You prepare for weather on a turkey hunt by bringing raingear. Why not prepare for shooting predicaments, too? Going prone squashes your profile and gives you the green light to slither closer to a tom that won’t budge. It’s a simple strategy to employ with an obstinate gobbler; remember, once the hunt starts the toms dictate your every move.
Before season visit the range. Start with the traditional sight-in session from a sandbag rest. After zeroing your shotgun and checking its pattern, practice several shots prone. The terrain-hugging position gives you the most stable platform to launch a load of pellets, but the change-up could also throw off your sight alignment. It may not mean much on a 30-yard shot with a respectable pattern, but it could mean a miss at close range when you pitch a softball-shape of pellets at a tom’s tiny noggin.
Your turkey gun may generate substantial recoil, so you might wish to position your body at up to a 45-degree angle to the left of your target if right-handed. Newer instruction recommends a 10- to 20-degree angle to the target, with nearly a straight-on lineup. Even a slight degree of angle allows the body to soak up some of the recoil and disperse it without it driving down the full length of your body. Test several angles to accommodate your comfort level.
While lying on your stomach, stabilize the shotgun with your elbows dug firmly into the earth. Your legs should be spread hip-width apart with ankles flat and feet pointing away from your body. Alternatively, you can bend your right leg (if right-handed) and lock the flat part of your foot into your left leg. Bring the buttstock of the shotgun to your cheek. Never slide your head into the gun. Confirm your alignment while shooting, and file away the position for a future hunt.
Before going prone on a hunt, consider safety. Crawling around in areas of high hunting pressure should get a second thought, especially if you plan to use decoys. Be alert for others stalking your position, and identify yourself in a loud, clear voice if you observe other hunters.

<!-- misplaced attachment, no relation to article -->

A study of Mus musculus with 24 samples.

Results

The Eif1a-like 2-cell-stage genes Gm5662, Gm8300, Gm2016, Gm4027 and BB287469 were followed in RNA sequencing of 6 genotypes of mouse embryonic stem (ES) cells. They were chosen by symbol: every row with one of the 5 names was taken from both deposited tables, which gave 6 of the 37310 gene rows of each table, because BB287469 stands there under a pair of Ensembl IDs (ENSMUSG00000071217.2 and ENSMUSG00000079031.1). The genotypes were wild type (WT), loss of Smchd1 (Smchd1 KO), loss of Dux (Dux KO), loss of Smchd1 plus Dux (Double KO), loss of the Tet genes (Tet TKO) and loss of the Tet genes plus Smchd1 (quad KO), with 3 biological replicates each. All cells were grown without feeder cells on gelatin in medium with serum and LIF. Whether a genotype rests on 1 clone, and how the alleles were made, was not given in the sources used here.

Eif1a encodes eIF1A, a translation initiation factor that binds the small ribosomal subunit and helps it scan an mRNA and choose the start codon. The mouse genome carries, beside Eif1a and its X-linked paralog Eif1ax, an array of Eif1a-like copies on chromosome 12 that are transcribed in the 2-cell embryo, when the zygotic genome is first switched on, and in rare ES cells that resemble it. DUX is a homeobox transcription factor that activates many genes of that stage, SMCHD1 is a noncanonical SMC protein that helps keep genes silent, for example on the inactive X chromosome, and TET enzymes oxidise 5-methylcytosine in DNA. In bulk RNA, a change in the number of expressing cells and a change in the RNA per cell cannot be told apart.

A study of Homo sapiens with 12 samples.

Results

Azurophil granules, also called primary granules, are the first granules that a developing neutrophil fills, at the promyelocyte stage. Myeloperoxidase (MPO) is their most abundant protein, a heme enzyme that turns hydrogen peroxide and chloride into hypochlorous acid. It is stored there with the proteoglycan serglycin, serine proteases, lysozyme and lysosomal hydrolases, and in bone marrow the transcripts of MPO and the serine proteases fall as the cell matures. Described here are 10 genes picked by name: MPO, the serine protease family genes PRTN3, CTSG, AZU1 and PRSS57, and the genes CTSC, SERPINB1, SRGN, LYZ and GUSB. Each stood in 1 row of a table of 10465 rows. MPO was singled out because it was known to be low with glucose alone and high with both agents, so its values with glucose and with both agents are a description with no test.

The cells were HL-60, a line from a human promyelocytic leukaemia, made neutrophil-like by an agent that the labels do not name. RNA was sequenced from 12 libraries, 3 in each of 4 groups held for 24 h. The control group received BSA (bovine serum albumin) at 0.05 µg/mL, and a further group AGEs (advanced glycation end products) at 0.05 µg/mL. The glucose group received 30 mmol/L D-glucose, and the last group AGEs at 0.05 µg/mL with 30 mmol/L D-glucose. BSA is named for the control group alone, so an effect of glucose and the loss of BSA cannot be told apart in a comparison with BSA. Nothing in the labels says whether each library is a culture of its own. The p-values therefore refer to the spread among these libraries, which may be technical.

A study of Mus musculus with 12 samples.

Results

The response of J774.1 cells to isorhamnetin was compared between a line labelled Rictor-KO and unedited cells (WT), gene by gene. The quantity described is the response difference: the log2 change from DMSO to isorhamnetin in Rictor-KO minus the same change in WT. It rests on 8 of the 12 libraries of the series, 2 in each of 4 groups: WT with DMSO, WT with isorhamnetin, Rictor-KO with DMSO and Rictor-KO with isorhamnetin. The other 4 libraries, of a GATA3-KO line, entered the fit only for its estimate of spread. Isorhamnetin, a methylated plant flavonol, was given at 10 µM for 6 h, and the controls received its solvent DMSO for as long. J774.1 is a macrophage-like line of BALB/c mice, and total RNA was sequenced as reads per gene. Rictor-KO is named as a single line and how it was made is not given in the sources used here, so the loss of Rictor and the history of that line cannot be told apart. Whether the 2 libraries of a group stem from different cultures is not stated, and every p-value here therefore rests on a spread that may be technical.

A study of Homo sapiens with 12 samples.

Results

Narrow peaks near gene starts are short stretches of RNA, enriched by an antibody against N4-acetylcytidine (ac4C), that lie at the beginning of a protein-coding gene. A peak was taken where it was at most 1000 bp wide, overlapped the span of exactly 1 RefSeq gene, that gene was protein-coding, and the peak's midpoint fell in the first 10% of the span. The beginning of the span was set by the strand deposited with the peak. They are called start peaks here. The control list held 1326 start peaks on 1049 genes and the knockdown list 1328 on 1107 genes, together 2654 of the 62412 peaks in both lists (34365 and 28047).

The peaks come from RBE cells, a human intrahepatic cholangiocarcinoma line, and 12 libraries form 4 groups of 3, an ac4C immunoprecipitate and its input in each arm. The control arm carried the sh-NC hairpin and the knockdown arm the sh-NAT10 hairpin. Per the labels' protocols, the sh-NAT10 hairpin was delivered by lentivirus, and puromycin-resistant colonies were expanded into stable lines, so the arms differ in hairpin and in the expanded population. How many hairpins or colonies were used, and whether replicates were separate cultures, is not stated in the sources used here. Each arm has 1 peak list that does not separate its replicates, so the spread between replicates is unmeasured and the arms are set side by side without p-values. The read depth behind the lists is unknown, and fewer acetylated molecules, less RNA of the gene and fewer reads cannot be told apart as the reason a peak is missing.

If you find yourself able to set up prior to a gobbler sighting, look for high ground to gain the advantage of increased visibility. Be mindful to avoid lying in too much grass that could obscure your vision. Never allow obstructions in front of your shotgun muzzle.
Lying prone in wait can cause discomfort. If you anticipate a prone hunt you may want to don knee and elbow pads. Some setups could require staying prone for a long time, too. Carefully lay down your shotgun, pointed in the direction you suspect a tom to make his entrance. When it comes time to raise the gun for the shot wait until the turkey’s head disappears behind a tree trunk, brush or even his own fan. He may even drop his head to peck, giving you a second to aim.
While hunting with my kids one spring we encountered a gobbler duo that had staked claim to a prairie knob with no intentions of leaving. Belly-crawling between swales and calling sporadically finally prompted one of the birds to shift into drive. My son acted as a decoy puppeteer behind my daughter and me as we all lay prone watching a blue head march into range. With the tom on a course to walk right over us, I whispered “shoot” to my daughter for a 9-yard ending to our prone hunt.